Historically seen as a niche market aimed, primarily, at children, video games are now big business.
So much so that the 2012 launch of the 18-rated Call of Duty: Black Ops 2 stands as the biggest entertainment launch of all time, grossing $500million in the 24 hours of its release.
This was shortly followed by an announcement from Activision, publisher of the Call of Duty games, that total sales for the franchise have now surpassed both the Star Wars and Harry Potter movie series, the top-grossing film franchises in history. In fact, a recent survey by digital media research company, Wiggin, showed that more people play online video games than regularly visit the cinema.
One in three people describe themselves as gamers. Statistics from OFCOM suggest that half of UK households contain at least one video game console; in 2010, a total of 63 million console and pc games were purchased, working out as more than one per person in the UK.
The hardcore gaming community is passionate, loyal and vocal, possessing an ability to shape the future of the industry unlike most consumer groups.
The hardcore gaming community is passionate, loyal and vocal, possessing an ability to shape the future of the industry unlike most consumer groups
The recent furore surrounding the launch of Microsoft’s newest games console, the Xbox One, is a perfect example of this phenomenon in practise. After months of anticipation, Microsoft’s hardware launched boasting a new cloud-based operating architecture, a move that, essentially, rendered traditional physical media (game disks) obsolete.
Not only would this have made it impossible for gamers to share game disks with friends, the move would have all but destroyed the second hand games retail market. Microsoft viewed this as a bold step forward in home media consumption. The gaming community disagreed.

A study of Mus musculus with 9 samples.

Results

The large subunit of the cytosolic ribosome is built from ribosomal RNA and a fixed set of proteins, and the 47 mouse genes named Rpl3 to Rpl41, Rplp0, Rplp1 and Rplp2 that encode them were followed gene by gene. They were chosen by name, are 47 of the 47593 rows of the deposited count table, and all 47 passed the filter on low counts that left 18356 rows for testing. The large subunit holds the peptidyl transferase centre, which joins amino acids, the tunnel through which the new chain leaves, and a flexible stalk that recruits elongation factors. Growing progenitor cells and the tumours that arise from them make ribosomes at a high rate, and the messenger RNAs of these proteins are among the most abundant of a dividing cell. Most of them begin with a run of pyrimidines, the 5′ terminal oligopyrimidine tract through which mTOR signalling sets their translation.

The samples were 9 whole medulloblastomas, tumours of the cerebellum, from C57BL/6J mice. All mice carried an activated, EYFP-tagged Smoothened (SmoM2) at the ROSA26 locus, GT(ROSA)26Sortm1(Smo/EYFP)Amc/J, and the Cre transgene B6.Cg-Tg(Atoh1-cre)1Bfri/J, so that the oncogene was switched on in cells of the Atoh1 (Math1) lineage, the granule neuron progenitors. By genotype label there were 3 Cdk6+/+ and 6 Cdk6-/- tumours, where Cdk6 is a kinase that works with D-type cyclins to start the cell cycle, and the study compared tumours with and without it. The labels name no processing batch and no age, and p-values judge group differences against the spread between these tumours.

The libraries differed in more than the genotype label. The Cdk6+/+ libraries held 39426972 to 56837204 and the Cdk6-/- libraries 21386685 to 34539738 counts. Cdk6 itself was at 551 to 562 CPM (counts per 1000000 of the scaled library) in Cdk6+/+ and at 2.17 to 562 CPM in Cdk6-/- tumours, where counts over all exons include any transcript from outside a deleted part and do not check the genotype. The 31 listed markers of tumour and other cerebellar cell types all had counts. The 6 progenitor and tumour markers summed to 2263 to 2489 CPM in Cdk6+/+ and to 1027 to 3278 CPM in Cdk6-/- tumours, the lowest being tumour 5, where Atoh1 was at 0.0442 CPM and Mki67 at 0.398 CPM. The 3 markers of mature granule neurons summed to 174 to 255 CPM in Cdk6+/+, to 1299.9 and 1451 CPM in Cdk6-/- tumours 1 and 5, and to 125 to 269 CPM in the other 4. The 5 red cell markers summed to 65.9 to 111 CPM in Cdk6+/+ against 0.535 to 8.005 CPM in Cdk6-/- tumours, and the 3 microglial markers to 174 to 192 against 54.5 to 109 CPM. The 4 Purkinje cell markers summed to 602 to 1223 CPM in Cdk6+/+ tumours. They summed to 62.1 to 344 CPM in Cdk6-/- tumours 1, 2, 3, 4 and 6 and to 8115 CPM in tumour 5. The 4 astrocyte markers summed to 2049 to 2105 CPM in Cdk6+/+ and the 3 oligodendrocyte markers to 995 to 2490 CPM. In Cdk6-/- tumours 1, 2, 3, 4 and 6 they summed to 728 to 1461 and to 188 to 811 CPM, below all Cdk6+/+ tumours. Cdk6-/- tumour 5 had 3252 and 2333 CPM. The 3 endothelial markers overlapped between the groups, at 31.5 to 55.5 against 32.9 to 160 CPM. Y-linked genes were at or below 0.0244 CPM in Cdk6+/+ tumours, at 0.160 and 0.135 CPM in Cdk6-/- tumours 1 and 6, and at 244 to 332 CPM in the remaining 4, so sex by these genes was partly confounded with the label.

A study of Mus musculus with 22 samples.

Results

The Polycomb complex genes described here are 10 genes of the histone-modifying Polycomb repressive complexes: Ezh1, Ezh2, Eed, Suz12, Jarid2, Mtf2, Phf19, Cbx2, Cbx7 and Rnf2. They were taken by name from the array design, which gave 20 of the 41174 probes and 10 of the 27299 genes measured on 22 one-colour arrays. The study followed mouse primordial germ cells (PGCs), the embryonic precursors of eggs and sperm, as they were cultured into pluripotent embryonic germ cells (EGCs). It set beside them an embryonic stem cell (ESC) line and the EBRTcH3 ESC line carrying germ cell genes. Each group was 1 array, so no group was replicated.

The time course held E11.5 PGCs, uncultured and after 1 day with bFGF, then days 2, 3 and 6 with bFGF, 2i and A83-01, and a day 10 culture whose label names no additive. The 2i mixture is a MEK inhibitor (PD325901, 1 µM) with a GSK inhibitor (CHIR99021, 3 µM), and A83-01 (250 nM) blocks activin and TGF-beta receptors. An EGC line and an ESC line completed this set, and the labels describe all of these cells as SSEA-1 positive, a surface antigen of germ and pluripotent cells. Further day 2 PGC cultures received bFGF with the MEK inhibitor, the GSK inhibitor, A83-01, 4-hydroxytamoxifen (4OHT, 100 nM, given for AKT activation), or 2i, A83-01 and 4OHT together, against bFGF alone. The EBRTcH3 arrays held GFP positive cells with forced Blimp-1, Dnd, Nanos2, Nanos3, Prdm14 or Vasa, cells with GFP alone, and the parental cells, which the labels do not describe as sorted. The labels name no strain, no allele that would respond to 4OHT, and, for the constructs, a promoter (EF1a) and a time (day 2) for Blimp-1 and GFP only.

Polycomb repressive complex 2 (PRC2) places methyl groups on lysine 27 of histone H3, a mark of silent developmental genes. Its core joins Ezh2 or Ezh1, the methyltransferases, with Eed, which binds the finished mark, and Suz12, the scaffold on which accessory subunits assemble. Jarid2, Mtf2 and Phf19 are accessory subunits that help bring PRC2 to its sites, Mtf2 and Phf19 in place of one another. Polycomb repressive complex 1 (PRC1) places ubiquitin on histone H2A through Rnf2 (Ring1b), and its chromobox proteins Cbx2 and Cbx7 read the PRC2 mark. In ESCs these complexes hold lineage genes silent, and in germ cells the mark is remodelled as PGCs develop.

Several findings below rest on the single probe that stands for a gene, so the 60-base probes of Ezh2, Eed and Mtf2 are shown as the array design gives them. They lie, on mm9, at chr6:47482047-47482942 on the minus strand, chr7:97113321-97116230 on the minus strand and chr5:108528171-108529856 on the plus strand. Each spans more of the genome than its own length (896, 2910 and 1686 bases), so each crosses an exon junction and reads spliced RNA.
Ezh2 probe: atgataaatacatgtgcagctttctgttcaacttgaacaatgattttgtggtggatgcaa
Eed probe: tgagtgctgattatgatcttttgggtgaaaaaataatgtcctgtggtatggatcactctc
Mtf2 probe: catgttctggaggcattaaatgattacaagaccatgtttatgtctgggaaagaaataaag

After weeks of campaigning, complaining and assertions from thousands of loyal Microsoft customers to buy a rival console (Sony’s Playstation 4) in protest, Microsoft relented and remodelled the entire core architecture of the console (in essence, completely changing the business model) to meet customer demands.
But the stability and growth of the industry does not rest on these hardcore gamers. The last decade has seen an extraordinary rise in the number of casual gamers playing on social networks, smartphones and tablets.
Worldwide social gaming revenue more than doubled between 2010 and 2011 and reached over $6.2bn in 2012 . Facebook founder, Mark Zuckerberg, confirmed that 50% of Facebook visits are to play games.
The video game industry is in a state of flux, with new opportunities presenting themselves alongside new technologies. This, coupled with the creativity and salesmanship that define the industry make it an exciting, fresh and franchise sector for an aspiring entrepreneur looking for a unique and innovative opportunity.